Reinventing Food Culture
Food plays an undeniable and significant part of every culture in the world. Traveling abroad, observing foreign cultural regards towards food, I was left contemplating America’s lack of engagement with food. Without a second thought, food in America is centered on fast, on-the-go, quick, processed foods. The US fast food industry is worth almost $200 billion.
Commercial advertisement engulfs us. The United States is king in the world’s advertising market, spending $197.5 million in advertisements – double that spent in China, the second largest spender on ads. Bombarded by branding, there is seemingly no escape from companies repeated attempts of enticing the public to eat this, drink that, avoid this, and do that. Even children as as young as three years old can recognize brands. How has the commercial food industry come to dictate our perception of food?
Food politics, advertisements, vague governmental dietary guidelines, and a lack of nutritional educational research has stunted our vision of food, generating deep rooted fears: A fear of obesity, a fear of heart disease, a fear of cancer, a fear of diabetes, a fear of fats, a fear of carbs, a fear of calories; ultimately surmounting to a fear of food.
Real, nourishing, good-for-us food is not found in a bag of chips from a gas-station, nor does it come from a box sitting on a shelf for the past several months. Real food is organic in nature and real food doesn’t need advertising. Have you ever seen a commercial for broccoli?
The time has come to bridge the gap and reconnect with nourishing, real foods and the role nutrition plays in society. Please participate in reinventing food culture in America. How can this be achieved?
Start a conversation. Talk about food with your children, family, friends, farmers at the local market.
Vote with your fork. Shopping from local farms supports and strengthens local economies and fosters a sense of community while sending a message to food industry that consumers demand a healthier future.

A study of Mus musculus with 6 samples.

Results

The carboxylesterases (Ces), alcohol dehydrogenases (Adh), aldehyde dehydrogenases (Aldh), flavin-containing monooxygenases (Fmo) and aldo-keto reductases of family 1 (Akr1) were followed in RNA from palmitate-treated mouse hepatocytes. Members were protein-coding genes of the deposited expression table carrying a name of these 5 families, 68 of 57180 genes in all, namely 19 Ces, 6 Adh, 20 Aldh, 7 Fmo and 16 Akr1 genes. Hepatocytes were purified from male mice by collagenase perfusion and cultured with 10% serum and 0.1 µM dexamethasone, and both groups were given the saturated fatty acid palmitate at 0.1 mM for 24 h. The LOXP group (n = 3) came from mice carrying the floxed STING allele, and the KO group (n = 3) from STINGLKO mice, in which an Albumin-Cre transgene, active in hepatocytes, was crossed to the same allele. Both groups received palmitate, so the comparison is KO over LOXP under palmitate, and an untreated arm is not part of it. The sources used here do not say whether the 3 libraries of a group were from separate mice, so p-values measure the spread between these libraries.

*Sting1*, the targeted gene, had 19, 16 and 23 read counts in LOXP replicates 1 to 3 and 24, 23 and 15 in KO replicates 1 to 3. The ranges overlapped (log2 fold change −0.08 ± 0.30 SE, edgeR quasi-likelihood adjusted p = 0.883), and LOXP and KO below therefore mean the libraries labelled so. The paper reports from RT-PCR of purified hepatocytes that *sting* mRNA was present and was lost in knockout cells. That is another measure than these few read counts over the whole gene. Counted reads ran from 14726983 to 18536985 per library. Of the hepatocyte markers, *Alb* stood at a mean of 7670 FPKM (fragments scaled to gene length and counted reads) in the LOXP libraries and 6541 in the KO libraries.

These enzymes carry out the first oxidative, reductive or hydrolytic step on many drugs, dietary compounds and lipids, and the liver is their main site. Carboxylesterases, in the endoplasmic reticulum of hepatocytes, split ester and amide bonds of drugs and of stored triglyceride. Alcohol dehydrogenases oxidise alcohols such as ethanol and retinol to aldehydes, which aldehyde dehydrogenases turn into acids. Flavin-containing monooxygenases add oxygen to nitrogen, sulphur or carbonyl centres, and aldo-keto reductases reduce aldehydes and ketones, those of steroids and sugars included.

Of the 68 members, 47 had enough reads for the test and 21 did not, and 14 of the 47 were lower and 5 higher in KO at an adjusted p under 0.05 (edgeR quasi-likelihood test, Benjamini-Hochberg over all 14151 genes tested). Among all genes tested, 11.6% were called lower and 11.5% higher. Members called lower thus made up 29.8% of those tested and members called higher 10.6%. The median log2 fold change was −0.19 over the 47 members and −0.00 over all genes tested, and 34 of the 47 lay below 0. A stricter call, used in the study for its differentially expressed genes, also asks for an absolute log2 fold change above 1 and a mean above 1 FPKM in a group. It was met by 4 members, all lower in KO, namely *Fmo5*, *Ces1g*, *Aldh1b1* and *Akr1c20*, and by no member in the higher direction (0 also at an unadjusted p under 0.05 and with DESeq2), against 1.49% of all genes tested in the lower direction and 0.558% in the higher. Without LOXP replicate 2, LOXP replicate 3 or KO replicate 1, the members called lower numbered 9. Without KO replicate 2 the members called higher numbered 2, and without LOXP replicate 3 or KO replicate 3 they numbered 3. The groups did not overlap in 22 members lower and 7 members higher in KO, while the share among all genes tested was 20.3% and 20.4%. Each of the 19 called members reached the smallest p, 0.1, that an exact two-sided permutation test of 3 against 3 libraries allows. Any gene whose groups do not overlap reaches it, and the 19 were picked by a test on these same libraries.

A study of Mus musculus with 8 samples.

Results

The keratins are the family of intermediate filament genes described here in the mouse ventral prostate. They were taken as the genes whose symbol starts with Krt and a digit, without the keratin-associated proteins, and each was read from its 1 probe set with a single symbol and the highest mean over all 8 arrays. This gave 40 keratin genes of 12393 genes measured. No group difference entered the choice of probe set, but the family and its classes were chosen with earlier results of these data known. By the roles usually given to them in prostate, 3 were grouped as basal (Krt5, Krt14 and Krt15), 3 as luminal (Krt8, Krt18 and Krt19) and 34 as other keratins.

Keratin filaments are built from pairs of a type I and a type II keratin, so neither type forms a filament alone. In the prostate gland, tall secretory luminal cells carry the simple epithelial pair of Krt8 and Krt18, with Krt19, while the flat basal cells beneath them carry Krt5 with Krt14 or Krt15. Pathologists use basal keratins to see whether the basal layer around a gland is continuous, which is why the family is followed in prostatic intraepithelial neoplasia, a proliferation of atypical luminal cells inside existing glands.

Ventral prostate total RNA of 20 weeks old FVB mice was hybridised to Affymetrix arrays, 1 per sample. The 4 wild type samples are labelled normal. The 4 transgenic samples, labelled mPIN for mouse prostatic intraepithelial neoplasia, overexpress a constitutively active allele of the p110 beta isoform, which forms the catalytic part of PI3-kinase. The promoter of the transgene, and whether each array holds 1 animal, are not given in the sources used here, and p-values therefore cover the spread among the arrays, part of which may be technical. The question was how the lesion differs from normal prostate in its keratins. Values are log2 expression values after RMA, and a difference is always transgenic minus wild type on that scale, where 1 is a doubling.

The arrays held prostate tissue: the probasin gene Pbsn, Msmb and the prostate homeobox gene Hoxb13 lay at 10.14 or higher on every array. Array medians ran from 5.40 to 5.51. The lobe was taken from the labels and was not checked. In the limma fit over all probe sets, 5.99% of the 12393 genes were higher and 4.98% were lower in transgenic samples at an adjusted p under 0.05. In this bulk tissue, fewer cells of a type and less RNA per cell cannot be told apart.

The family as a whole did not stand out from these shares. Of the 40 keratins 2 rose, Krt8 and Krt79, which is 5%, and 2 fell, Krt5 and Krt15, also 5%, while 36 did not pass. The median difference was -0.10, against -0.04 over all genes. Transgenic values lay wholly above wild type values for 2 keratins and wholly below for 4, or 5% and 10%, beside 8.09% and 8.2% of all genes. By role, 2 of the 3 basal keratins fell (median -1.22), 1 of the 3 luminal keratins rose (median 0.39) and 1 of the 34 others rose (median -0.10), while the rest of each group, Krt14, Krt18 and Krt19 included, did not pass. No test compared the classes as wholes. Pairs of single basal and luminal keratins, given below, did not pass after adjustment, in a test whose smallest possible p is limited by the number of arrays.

Grow your own food. Start a garden. Grow herbs on your kitchen counter or patio. Plant a fruit tree in your yard. If space is an issue, locate a local community co-op to participate in growing and learning about fresh grown food.
Question your consumption. Build a habit of reading ingredient labels and familiarize yourself with the contents of what you eat. Questions to ponder: How many ingredients? Am I familiar with all the ingredients? Why are these in my food? What effect(s) do they have on my health?
Educate yourself. With so much misinformation out there, one of the best things we can do for ourselves and our children is to stay up-to-date. Now more than ever, information can be at our fingertips within seconds. Utilize the internet (wisely of course), read books, journal articles, follow those you trust and heed their advice. Don’t be afraid to share your learning experiences with others!
Together, we can change food culture in America. Change starts with simple, but conscious habitual actions which will have a profound rippling effect. May future generations and the future of our planet benefits from today’s mindful habits.